This is an e-mailed newsletter sent weekly from W14 – an online community for people that live in the W14 area code in London.
W14 is one of the better hyper-local communities, but their newsletter could be a little better.
- Pick a name for the newsletter. Newsletter W14London doesn’t sound great. Pick a community symbol and include that in the name.
- Big story in the subject line. Think of this as the headline of a newspaper. Pick a story, person or a question that will persuade people to open the e-mail. “e.g. JoeSmith sees a robbery in progress!”
- Short introduction. I like the brevity, but this is too brief. How about a single paragraph from the editor briefly summarizing what to read. Highlight the one thing to read.
- Use names religiously. Mention names in nearly every headline. Show who this news is affecting. Look to local newspapers for guidance here. The more names you use, the better. Without names you’re not building a genuine sense of community.
- Don’t copy your sector’s news. The above headlines read too similar to a local newspaper. They’re boring. Focus on different stories. Focus on discussions people can participate in. Highlight issues that have divided the community. You can rewrite local stories. e.g “Ole Mexico Restaurant applying for licensing” becomes “How many of you WANT to drink at Ole Mexico Restaurant?” and “Robbery outside Charleville mansion – Can you help?” becomes “Read JoeSmith’s account of a daylight robbery outside Charleville Mansion – how would you have reacted? Did you see anything?“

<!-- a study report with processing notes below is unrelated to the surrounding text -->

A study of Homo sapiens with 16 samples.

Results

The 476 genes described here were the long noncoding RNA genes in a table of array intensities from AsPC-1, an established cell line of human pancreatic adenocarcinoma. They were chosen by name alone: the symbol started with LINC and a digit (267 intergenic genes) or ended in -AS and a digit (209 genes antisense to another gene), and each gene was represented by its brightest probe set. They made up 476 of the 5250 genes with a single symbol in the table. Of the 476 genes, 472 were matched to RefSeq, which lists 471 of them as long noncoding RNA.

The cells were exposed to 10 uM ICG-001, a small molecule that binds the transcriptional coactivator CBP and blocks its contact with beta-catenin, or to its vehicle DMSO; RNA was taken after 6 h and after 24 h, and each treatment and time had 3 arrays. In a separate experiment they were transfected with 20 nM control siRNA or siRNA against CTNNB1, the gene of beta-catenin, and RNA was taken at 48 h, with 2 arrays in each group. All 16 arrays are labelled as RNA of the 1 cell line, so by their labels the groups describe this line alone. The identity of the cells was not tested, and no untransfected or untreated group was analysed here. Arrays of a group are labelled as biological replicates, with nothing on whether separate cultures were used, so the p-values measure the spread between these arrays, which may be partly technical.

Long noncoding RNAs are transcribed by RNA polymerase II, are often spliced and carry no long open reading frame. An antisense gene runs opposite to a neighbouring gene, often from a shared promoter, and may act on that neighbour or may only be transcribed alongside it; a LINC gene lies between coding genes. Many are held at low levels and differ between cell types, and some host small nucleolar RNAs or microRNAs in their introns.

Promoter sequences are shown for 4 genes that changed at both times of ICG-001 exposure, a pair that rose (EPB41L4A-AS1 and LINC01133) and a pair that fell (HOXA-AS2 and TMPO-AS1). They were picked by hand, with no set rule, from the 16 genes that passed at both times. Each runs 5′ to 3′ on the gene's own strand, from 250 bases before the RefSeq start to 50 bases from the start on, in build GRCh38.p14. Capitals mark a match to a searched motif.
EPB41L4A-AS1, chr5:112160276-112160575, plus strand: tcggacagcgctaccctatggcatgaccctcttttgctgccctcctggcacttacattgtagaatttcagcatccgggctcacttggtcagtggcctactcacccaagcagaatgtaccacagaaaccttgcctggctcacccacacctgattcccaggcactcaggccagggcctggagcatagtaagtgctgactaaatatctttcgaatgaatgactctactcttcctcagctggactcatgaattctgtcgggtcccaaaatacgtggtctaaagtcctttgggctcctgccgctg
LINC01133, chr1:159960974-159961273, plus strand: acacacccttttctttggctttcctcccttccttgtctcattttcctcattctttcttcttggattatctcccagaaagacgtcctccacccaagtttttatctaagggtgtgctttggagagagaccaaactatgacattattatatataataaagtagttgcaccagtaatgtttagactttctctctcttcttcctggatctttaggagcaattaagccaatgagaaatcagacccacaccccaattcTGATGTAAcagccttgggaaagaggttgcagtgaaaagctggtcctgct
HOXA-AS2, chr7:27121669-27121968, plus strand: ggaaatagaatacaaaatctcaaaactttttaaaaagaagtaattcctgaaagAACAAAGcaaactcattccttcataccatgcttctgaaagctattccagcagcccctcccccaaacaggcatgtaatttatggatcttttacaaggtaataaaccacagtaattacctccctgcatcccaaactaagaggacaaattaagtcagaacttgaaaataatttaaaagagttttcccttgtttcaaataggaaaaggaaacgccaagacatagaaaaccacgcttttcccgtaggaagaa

- Promote the top members. Your newsletter is a place where you can shine attention on the top members. Find ways to highlight these. Consider a short interview, a guest column, a member of the month profile or a top-5 suggestions pieces. Or, my favourite, day in the life of…. <- always popular.
- Religious tracking. Scientifically measure your community newsletter and the links members click. Identity the most popular types of stories and repeat them more frequently.
Community newsletters are an excellent way to develop a sense of community amongst members. They engender a spirit and recollections of local community newspapers. Make sure you make the best use of yours.